Q. How to take Homeopathy Medicines?
Q. Are Homeopathic Medicines a PLACEBO?
Ans. Absolutely NOT!
Q. Are there any side effects of Homeopathic medicine?
Ans. Homeopathic Remedies have no side-effects
Q. Since childhood I have been suffering from Psoriasis. I have been taking conventional treatments for it but it keeps coming back. Sometimes I feel I will never be cured. I hate to go out and meet friends and socialise. People keep asking me about it and even when they are not looking at me I feel they are. I have heard that Homoeopathy is very good for skin disorders. I would like to try it but am scared of stopping my regular medicine. Can I take conventional medicines with the Homeopathic medicines?
Ans. Conventional medicines can be taken safely along with Homeopathic medicines, these are natural products so do not interfere, but there should be an hours gap in taking the medicines. In case you are on allopathic medicines, you should not discontinue it abruptly. The Allopathic dosage can be tapered off in consultation with the physician once improvement starts with the Homeopathic medicines.
Q. I am a diabetic, I avoid sugar commonly. For the last one year I have been suffering from frequent stomach disorders. Allopathic treatment many a times increases the problem. I would like to go for Homeopathic treatment but am uneasy because of my diabetes. Do you think it is advisable for me to seek Homeopathic treatment? Can a diabetic patient take these sugar pills?
Ans. We often encounter this question and the answer is fairly simple. In mild to moderate diabetic cases, Homoeopathy is safe and does not fluctuate. There is always an option of taking dilutions or liquid medicines. In fact globules are just a mode of dispensing, the actual medicine does not contain any sugar and will definitely not have an impact on the sugar level.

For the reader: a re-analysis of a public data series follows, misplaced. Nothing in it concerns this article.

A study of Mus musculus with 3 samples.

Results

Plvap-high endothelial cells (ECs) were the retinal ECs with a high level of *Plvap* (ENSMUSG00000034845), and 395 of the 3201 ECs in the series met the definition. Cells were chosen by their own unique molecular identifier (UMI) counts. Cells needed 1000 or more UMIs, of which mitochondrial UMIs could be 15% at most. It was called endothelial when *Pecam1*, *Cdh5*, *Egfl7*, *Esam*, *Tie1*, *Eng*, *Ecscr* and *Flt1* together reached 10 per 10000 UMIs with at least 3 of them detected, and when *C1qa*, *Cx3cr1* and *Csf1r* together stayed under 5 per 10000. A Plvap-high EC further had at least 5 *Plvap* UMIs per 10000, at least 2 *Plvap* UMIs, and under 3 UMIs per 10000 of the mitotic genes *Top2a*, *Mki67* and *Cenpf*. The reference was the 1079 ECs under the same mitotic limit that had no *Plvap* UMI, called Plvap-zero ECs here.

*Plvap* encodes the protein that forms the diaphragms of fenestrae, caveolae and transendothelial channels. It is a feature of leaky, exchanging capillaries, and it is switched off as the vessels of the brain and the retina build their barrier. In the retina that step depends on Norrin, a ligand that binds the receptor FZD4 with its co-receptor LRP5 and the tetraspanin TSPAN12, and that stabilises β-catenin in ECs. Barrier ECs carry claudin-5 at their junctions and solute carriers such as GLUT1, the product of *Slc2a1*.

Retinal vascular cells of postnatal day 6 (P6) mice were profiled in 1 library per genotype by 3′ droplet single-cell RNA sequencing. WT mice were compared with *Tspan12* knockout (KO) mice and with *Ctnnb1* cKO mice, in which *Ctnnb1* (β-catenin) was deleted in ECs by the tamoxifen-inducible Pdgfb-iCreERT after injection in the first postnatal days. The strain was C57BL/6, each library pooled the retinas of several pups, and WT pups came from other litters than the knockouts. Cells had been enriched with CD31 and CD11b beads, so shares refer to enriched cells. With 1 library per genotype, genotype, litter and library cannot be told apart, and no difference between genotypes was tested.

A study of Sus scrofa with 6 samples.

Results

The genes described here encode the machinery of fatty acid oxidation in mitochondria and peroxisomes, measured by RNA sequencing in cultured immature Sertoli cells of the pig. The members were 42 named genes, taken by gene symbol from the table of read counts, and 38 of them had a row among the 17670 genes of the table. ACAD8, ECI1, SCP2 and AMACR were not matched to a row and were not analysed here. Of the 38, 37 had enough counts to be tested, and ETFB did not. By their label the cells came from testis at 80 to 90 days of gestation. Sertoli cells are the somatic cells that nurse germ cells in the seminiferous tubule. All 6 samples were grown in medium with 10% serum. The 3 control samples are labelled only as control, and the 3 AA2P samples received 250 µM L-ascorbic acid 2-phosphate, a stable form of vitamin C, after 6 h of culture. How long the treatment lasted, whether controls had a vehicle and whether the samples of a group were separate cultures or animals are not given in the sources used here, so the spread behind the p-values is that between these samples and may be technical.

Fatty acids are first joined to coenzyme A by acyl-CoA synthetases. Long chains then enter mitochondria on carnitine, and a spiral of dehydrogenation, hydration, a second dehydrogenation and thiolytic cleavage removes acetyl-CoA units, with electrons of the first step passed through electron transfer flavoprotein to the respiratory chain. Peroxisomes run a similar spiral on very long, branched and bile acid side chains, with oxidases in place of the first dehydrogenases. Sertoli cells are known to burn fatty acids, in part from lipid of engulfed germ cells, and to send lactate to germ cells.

Q. I have heard that one shouldn’t touch Homeopathic medicine. I have a little two year old who loves to put his medicine in his hands and then merrily eat them. I am afraid that the medicine would be ineffective then?
Ans. This is a wrong notion and should not be entertained. There are no restrictions in touching Homeopathic medicines as long as your hands are clean (fragrance or chemical free). You can easily allow your little one to take them in hands before popping them in his mouth. Don’t worry!
Q. Is Hijama/Cupping painful?
Ans. Although, removal of blood through suction itself is completely painless for all most all patients, however, when the scratches/superficial incision are made, some people do feel ticklish and other feel needles like pinches, depending on their pain threshold.
Q. How long will the bruises remain on my skin?
Ans. The bruises/redness from the cups being applied should start to fade in 2 hours. Scratches take around 2-10 days to heal in most clients.
Q. I’m not a Muslim, will Hijama/wet cupping benefit me?
Ans. Hijama/cupping is beneficial for everyone, it has no boundaries of any specific gender, race or religion.
Q. Is Hijama/Cupping hygienic?
Ans. We use sterilised, single use supplies for each client. Surfaces are cleaned frequently using hospital grade disinfectants. After hijama/cupping session is completed, the cupped points are usually wiped and a good quality antiseptic cream would be applied. Since the scratches are so light, they close up by themselves very quickly, therefore, there is no need to apply a wound dressing.
Q. What do you advise after Hijama/Cupping?
Ans. We recommend to AVIOD the following after Hijama session for at least 12 hours.
Q. How many times a year can you do Hijama/Cupping?
Ans. It is recommended to do it 3 to 4 times a year for general health, however, for different health conditions the frequency might increase.
Q. Should I fast before coming to a Hijama/Cupping Session?
Ans. It is essential to stop eating at least 3-4 hours before a hijama session. You can still drink water but not milk or any surgery drink (unless you are diabetic and your sugar level is dropping down).
Q. Where can I get information about a specific allergen?
Q. Does it hurt?
Ans. No, although a finger prick is required. This is similar to the routine finger prick that diabetics perform on a daily basis and does not hurt.